By Jody Smith December 28, 2010 - 9:25am
It's a universal impulse at this time of year to look back and to look
forward. This week closes out the old year, and opens the new.
It's the perennial Old Year/New Year reflection. Looking in two
directions at once.
People who are chronically ill do this too, at least the ones able to
think coherently enough for long enough periods. Some years, that
Some years, I spent the weeks after Christmas in bed, sleeping chaotic
hours around the clock. Dozing over an unread book. Staring
uncomprehending out a window.
But not this year. This year I'm quite coherent, thank you. And I am
doing the Old Year/New Year reflection.
We chronics ask many of the same universal human questions that
healthy people do. Then there are other issues unique to us.
1.Was I happy last year? Will I be happy in the coming year?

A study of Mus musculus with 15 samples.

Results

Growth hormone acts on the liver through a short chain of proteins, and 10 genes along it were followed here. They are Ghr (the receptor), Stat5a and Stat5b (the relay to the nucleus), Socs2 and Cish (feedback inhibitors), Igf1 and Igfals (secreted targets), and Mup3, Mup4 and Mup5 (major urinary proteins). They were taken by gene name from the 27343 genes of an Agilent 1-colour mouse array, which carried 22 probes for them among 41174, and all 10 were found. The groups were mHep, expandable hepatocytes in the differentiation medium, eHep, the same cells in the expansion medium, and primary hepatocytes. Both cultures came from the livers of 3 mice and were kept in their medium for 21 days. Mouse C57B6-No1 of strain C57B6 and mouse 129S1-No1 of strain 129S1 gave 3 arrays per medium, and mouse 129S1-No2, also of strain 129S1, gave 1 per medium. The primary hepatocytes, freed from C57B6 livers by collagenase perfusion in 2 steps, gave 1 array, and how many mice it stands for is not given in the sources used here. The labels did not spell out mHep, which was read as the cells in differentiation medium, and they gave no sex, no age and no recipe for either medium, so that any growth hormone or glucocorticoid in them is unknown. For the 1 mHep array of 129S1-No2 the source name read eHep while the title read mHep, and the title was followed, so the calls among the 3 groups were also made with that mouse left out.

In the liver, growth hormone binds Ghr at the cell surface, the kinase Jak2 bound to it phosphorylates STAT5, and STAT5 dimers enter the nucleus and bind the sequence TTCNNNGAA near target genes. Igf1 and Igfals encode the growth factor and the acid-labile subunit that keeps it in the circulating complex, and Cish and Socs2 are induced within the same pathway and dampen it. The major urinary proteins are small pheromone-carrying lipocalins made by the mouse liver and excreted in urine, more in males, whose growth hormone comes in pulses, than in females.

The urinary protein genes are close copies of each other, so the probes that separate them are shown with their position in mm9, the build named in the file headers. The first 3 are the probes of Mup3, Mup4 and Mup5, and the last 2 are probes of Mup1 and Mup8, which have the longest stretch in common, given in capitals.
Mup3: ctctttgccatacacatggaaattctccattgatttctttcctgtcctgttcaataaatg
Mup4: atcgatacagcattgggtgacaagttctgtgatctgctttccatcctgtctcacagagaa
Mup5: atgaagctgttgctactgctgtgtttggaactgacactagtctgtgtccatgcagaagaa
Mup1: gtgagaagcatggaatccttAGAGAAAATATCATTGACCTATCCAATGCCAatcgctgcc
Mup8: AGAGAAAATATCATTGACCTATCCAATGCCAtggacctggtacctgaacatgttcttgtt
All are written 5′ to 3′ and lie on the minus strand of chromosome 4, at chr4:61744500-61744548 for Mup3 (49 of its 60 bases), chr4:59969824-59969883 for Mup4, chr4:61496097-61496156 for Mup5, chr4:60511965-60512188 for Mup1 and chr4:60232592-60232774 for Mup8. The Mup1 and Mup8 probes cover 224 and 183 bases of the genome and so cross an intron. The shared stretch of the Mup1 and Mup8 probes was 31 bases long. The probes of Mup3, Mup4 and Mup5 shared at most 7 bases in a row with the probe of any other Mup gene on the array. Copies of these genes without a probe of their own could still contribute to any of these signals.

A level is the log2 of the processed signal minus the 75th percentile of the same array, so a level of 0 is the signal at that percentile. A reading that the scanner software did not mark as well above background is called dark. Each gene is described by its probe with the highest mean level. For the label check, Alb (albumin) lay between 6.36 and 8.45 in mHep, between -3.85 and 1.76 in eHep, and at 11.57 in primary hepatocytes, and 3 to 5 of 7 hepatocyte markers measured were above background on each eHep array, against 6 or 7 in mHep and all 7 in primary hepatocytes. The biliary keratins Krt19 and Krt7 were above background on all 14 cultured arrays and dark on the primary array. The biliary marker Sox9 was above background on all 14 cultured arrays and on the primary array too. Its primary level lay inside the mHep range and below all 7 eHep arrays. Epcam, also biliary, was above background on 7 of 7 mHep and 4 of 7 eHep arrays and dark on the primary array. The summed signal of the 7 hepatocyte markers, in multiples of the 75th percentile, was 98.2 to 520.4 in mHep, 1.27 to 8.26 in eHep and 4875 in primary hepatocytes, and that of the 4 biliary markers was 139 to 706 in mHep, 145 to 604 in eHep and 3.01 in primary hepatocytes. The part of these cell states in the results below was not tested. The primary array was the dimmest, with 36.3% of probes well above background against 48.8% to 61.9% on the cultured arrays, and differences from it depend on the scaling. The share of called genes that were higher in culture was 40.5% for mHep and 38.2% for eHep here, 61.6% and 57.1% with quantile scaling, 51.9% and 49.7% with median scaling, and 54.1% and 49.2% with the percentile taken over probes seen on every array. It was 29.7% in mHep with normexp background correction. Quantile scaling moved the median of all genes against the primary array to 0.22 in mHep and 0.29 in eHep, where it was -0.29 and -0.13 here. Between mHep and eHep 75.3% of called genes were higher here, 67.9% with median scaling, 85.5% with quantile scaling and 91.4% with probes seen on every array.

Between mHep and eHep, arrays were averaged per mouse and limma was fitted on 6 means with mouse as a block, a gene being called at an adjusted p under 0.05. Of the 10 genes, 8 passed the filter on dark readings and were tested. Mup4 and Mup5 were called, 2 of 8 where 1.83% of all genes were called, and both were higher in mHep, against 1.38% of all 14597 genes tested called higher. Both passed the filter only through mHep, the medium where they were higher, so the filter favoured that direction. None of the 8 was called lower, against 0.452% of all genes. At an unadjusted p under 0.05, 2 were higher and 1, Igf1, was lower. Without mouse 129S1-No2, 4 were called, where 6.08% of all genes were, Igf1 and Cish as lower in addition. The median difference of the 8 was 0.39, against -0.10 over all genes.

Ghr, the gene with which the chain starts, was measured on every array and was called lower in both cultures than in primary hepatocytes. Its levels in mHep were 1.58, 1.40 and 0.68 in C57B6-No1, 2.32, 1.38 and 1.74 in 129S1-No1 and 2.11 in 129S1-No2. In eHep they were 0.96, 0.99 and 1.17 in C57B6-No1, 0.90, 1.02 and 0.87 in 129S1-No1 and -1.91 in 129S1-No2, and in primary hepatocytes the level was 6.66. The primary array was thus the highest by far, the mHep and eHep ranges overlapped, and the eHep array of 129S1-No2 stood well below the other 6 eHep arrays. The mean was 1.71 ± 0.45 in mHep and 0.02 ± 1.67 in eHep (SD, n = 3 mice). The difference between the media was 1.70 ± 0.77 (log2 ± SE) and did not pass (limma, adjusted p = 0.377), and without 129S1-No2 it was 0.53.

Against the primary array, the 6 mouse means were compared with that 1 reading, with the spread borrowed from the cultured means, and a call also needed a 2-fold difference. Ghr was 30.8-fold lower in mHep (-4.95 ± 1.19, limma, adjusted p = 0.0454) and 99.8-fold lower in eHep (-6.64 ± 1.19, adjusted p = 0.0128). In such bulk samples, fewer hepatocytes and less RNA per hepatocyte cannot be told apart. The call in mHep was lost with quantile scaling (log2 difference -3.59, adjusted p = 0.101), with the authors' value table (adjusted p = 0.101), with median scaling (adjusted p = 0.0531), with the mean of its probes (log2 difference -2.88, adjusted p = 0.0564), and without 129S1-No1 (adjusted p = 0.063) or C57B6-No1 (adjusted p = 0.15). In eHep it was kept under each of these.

If the year winding down has been rough, it can be hard to hope that
something better will come. But ... hope anyway.
2.Was I healthy last year? Will I be healthy this year?
For some of us bad health has shrouded our past for more years than we
can count. Some chronic lives have been like a Gothic tale of horror.
A brand new year up ahead may inspire hope and anticipation, or fear
of falling off a new precipice.
3.Have I moved ahead this year? Or have I lost ground?
I can rarely make a blanket statement as to whether life has been bad
or good. I find it helps to look at different aspects of my life. And
if anything has improved, my preference is to take that and fan its
flames of hope, for all it's worth.
I've been viewed as being Pollyanna-esque or prey to wishful thinking.
But I've already lost a lot to Chronic Fatigue Syndrome. I'm not
letting it take anything more from me than I can help. And that
especially includes my ability to hope.
4.What new things am I hoping for in the coming year?
Some of us with CFS are hoping for a doctor who is sympathetic and
knowledgeable. We're all hoping that there will finally be more than
just a small handful of devoted heroes who've been investigating CFS
with little or no financial support.